In any event, Number Six is having a distinctly human moment here, because all she really wants is for Baltar to say that he loves her. He, on the other hand, just wants the robo-sex. He wins, and she promptly throws him down onto the bed, climbs on board, and engages in as much simulated sexual thrusting as the basic cable censors will allow. She reaches up to pull off her poorly-fitted pleather bra, and the camera swings around behind her because nerds can't handle the sight of actual boobies without giggling and saying "boobies" over and over again. Heh. "Boobies." And then we get the big moment that you just know Ron Moore used in every single pitch meeting when discussing this project: the famous pulsing red Cylon light flashes up and down Number Six's spine just as she reaches orgasm. Classy! Somewhere out there, Lorne Greene is spinning in his grave.
The Second Law of Science Fiction: Robo-sex! (See: Blade Runner, Cherry 2000, AI, Westworld.)
Galactica. One of the new and not-at-all improved Vipers comes in for a landing. If Corvettes, lava lamps, and movie trilogies have taught us anything, it's that not everything from the seventies needs to be updated. These new Vipers are all pointy and done with really bad CGI, so it's probably for the best that they mostly get relegated to scrap metal before the end of the mini-series. The landing is accompanied by a six-hour, extended-length montage of various operations on the flight deck that wouldn't even make the cut on a Peter Jackson DVD. At long last the Viper's pilot is revealed to be Lee "Apollo" Adama, and he's rapidly greeted by Master Chief Brownnose. Because it's totally not obvious from appearances, the Master Chief has to verbally exposit that Apollo is supposed to be Edward James Olmos's son (one can only assume that his mother was the whitest woman in Liverpool) before sidling over to do a little cross-generational butt-kissing. Apollo, however, obviously has daddy issues, and Master Chief Brownnose actually gets a little pissy that Apollo isn't showing Lord Adama the proper respect.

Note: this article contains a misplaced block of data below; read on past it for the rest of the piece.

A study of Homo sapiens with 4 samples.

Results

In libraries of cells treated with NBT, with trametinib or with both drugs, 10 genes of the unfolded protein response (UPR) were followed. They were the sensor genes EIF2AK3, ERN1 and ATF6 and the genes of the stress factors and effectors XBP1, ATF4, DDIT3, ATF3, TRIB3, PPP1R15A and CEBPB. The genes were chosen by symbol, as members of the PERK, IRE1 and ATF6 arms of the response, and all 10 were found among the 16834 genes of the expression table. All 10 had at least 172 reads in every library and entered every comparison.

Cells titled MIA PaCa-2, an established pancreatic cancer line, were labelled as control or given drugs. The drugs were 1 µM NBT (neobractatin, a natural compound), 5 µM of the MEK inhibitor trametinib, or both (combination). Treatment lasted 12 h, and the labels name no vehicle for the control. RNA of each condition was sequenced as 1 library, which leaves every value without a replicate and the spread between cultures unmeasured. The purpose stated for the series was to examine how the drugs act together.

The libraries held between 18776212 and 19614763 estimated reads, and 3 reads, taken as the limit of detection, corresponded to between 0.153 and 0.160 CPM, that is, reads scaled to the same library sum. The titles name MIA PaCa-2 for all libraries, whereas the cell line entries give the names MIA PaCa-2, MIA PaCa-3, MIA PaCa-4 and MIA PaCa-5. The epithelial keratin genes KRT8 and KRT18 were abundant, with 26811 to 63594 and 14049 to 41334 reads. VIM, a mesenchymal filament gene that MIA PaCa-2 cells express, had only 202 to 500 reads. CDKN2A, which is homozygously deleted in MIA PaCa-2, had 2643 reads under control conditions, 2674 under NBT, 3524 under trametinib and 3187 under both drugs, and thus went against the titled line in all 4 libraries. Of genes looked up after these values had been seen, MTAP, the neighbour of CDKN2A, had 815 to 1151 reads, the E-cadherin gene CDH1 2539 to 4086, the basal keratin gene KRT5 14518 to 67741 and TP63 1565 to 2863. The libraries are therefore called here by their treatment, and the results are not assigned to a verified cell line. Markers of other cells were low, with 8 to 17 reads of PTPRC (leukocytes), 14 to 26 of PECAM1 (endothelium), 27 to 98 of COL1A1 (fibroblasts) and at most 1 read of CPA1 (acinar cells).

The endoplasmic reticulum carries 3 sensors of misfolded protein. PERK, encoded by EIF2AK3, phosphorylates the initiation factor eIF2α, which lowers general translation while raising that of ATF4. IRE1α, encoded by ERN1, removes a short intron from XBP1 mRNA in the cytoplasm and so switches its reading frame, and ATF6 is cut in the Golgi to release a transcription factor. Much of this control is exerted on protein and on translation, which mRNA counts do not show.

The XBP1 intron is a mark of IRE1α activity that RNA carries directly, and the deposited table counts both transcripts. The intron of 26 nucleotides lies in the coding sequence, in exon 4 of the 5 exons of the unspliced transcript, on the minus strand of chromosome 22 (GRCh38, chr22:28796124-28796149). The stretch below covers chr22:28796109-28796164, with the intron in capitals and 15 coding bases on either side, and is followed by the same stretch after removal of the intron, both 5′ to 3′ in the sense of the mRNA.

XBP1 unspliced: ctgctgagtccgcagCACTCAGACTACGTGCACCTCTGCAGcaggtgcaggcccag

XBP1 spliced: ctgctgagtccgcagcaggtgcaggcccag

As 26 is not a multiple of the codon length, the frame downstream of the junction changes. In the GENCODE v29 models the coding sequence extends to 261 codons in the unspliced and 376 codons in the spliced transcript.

Apollo eventually moves off, and the Master Chief turns to greet another new arrival. So I guess he's really more of a cruise director than a mechanic. That's probably just a shout-out to the whole "Love Boat In Space" vibe the original always seemed to have. Or maybe I'm the only one who thinks that way. Anyway, the new arrival is Boomer, and she's bitching that one of the "gimbals" on her ship is bad. In the future, "gimbal" is totally code for "nookie." You can tell because Cruise Director Brownnose claims that he's "pulled that gimbal three times and stripped it twice" (I just bet he has), and also because Boomer complains that he never listens to her needs. They take this argument into a nearby storage closet, and sure enough, they start making out. Oh, yeah. Boomer is hot. I'm also officially disposing of the "Master Chief Brownnose" nickname, and he'll henceforth be known as Master Chief Lovewrench. But only because I don't want to get sued for calling him Chief Knock-A-Booma.